Is there an age limit to getting a cochlear implant?
I asked this question of several cochlear implant surgeons around the country, and they all answered the same way: Age, per se, is not a disqualifying factor.
All have implanted patients in their 90s and, as Anil Lalwani, M.D., of New York-Presbyterian/Columbia University Irving Medical Center said, he "routinely" operates on patients over 80. His oldest patient is 93.
Surgeon Jay Rubinstein, at the University of Washington Medical Center, has performed cochlear implant surgery on a 96-year-old. Like the others, he thinks chronological age is not the issue, it's a person's overall health. It's not so much how many years you've lived as how well your body has held up. In April 2014, Mollie Smith, 99, became the oldest cochlear implant recipient in Europe.
Cochlear implant surgery takes about two to three hours and requires general anesthesia or heavy sedation, so the ability to tolerate anesthesia is essential. Even so, a 2009 study by Lalwani and others, found that cochlear implantation in the elderly carries minimal risk from anesthesia.
One of the important preexisting conditions that may preclude surgery is moderate or severe heart and/or lung disease, which could make anesthesia potentially dangerous, said Rick Hodgson, M.D., with Head and Neck Surgical Associates in Portland, Ore. The oldest patient he has implanted was 92 and he's doing well, Hodgson said, noting that as a surgeon he looks more at "biologic age than chronological age."
Darius Kohan, an otologist-otolaryngologist in New York (who was my cochlear implant surgeon at New York Eye and Ear Infirmary), told me he implanted a patient who was 95 years 6 months old. The patient is still using the implant 21/2 years after surgery.
Even dementia may not be a disqualifier, the surgeons said, assuming that the patient is not violent or likely to destroy the external parts of the implant. A study published last summer on implantees with dementia found a significant cognitive improvement a year later. The patients also received regular auditory rehabilitation. It was not clear from the study whether it was the implant itself or the aural rehab that made the difference in improved cognitive abilities.
Jack Wazen, a partner at the Silverstein Institute and director of research at the Ear Research Foundation in Sarasota, Fla. (and a fellow board of trustees member with me for the Hearing Loss Association of America), was the most conservative of those interviewed on the question of dementia, saying he routinely implants those with mild to moderate cognitive decline, but not those with severe decline.
All agree on the importance of auditory rehab for older patients. As Hodgson put it, "Auditory rehab helps get the most out of the process. This is amazing and life-changing technology, so why wouldn't we want to maximize the impact on someone's life?" He added that younger implant recipients might still be in the workforce and get stimulation from their everyday environment. The older recipients are less likely to get that stimulation. Also important, as all the surgeons agreed, is a social support system. This doesn't necessarily mean a companion in the home, but a regular conversation partner is essential. Social interaction is important in general for quality of life.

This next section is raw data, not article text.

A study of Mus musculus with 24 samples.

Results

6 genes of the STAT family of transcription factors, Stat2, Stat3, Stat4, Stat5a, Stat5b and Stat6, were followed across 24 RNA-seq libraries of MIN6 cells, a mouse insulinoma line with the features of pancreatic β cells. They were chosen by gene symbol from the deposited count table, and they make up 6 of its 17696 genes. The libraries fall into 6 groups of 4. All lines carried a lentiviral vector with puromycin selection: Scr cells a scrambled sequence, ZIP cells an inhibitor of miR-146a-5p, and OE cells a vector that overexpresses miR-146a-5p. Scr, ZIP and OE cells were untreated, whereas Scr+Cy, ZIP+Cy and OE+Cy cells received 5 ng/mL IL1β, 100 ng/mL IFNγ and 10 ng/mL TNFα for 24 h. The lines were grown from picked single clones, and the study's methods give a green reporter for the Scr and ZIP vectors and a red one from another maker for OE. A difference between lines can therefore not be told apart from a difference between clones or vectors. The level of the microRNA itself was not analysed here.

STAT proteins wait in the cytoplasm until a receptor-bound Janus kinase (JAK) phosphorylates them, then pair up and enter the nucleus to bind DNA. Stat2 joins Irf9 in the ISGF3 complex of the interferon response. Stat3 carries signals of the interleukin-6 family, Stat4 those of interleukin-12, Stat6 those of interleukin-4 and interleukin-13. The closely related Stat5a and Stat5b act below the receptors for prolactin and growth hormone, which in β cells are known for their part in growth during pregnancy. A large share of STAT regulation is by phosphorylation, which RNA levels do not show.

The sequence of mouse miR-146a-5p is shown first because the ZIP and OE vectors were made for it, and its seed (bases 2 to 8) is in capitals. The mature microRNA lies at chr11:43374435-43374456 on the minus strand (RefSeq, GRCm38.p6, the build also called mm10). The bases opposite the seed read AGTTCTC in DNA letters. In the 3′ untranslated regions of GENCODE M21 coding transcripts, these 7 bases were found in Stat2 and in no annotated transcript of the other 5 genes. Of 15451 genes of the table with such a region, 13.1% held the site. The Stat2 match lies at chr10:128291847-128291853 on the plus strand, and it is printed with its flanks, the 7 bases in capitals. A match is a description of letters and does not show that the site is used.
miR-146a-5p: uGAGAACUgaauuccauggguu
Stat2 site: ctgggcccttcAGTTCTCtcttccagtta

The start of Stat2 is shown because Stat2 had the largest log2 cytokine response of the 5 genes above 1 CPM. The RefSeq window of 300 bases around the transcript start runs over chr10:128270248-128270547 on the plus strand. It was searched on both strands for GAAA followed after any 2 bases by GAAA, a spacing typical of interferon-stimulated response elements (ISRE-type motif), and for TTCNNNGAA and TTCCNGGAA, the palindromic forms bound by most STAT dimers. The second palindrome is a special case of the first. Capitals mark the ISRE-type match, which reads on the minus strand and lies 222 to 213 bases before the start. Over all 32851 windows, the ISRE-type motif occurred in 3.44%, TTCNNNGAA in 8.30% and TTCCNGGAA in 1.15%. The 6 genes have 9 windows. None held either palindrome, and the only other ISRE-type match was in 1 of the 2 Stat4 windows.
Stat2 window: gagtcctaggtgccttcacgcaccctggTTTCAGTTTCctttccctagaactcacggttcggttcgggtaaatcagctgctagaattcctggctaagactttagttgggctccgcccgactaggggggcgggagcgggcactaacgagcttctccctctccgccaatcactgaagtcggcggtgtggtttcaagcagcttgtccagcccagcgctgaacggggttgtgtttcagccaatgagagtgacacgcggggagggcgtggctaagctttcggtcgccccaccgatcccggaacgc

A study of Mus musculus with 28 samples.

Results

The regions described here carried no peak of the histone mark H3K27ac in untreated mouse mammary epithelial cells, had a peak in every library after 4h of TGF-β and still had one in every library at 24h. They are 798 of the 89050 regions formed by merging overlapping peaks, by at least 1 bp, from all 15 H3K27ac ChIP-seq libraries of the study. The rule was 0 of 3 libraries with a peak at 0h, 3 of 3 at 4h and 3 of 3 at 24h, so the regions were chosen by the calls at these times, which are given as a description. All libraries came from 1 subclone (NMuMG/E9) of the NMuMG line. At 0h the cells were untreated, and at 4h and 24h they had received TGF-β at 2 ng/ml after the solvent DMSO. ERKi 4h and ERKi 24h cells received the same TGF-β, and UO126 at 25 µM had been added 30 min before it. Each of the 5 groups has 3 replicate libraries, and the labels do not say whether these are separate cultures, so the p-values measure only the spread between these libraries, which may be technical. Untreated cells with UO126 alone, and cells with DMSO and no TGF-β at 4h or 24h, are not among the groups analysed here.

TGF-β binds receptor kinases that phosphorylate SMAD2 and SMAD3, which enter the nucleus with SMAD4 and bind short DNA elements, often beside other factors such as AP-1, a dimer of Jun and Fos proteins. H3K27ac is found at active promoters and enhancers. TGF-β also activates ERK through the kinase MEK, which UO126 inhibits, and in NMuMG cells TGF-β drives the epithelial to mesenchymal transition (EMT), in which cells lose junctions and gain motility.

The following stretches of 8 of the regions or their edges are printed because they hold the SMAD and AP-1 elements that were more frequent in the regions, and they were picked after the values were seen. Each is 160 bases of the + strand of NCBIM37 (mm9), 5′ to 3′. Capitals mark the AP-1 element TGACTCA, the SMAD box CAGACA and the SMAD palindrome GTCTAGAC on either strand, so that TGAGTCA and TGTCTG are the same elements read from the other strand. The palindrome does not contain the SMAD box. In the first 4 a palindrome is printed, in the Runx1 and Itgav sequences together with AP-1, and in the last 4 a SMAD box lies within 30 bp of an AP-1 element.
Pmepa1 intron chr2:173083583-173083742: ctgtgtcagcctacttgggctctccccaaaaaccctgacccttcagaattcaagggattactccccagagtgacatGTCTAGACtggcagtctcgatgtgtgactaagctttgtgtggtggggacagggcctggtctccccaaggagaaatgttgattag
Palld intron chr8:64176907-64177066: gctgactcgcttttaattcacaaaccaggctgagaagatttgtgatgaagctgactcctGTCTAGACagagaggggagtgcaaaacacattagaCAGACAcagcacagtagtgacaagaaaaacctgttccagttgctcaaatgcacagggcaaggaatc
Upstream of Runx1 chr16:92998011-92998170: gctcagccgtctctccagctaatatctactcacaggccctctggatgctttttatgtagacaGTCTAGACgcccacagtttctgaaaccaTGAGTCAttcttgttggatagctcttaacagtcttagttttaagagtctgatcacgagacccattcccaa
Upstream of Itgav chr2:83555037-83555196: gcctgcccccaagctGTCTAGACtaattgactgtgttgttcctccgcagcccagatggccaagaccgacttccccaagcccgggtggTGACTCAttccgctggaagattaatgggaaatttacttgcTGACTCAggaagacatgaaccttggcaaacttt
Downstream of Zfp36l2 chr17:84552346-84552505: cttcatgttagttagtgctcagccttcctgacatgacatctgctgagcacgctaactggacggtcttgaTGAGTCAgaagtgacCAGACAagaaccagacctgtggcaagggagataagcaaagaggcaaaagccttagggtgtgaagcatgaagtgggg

The one issue on which the surgeons differed was which ear to implant: the worse or the better one. With younger implantees, the decision is usually to implant the worse ear, to preserve the natural hearing in the good ear, often using a hearing aid in the good ear. But an elderly person may have been deaf for some time in the bad ear, and thus less likely to benefit from the implant. Although most said that they would consider implanting the deaf ear, they might not if the ear had been deaf for a long period of time. Wazen specified five years or more. Hodgson pointed out that "the longer the duration of hearing loss, the higher the chance of diminished benefit due to deterioration of sensory elements in the inner ear."
Both Lalwani and Kohan said they would implant the worse ear. Kohan's reasoning is that if the patient is still able to hear with the hearing aid ear, there may still be enough plasticity in the brain, with crossover from the nonhearing ear, to make an implant in the deaf ear function. Lalwani went further: "I would always implant the deaf ear. One does not lose anything from doing so. If the outcome is less than satisfactory, the other ear could always be implanted down the road."
As for outcomes, all agreed that older recipients do well with cochlear implants. Kohan mentioned benefits like delayed mental deterioration, better quality of life and more independence.
Wazen is completing a study comparing the results among patients over 80 with those under 80. The study found no differences in healing or complication rates. All patients did better with the cochlear implant than they had with a hearing aid. The study did find that speech recognition scores with implants were better in the younger group. This may be due to a number of factors, Wazen said, "including length of deafness, poorer cognitive function [in the older group] and aging changes in the brain."
So if your doctor recommends an implant, go for it, no matter what your age. "When elderly patients tell me they are too old for a CI," Rubinstein said, "I tell them age is not important unless they are a cheese."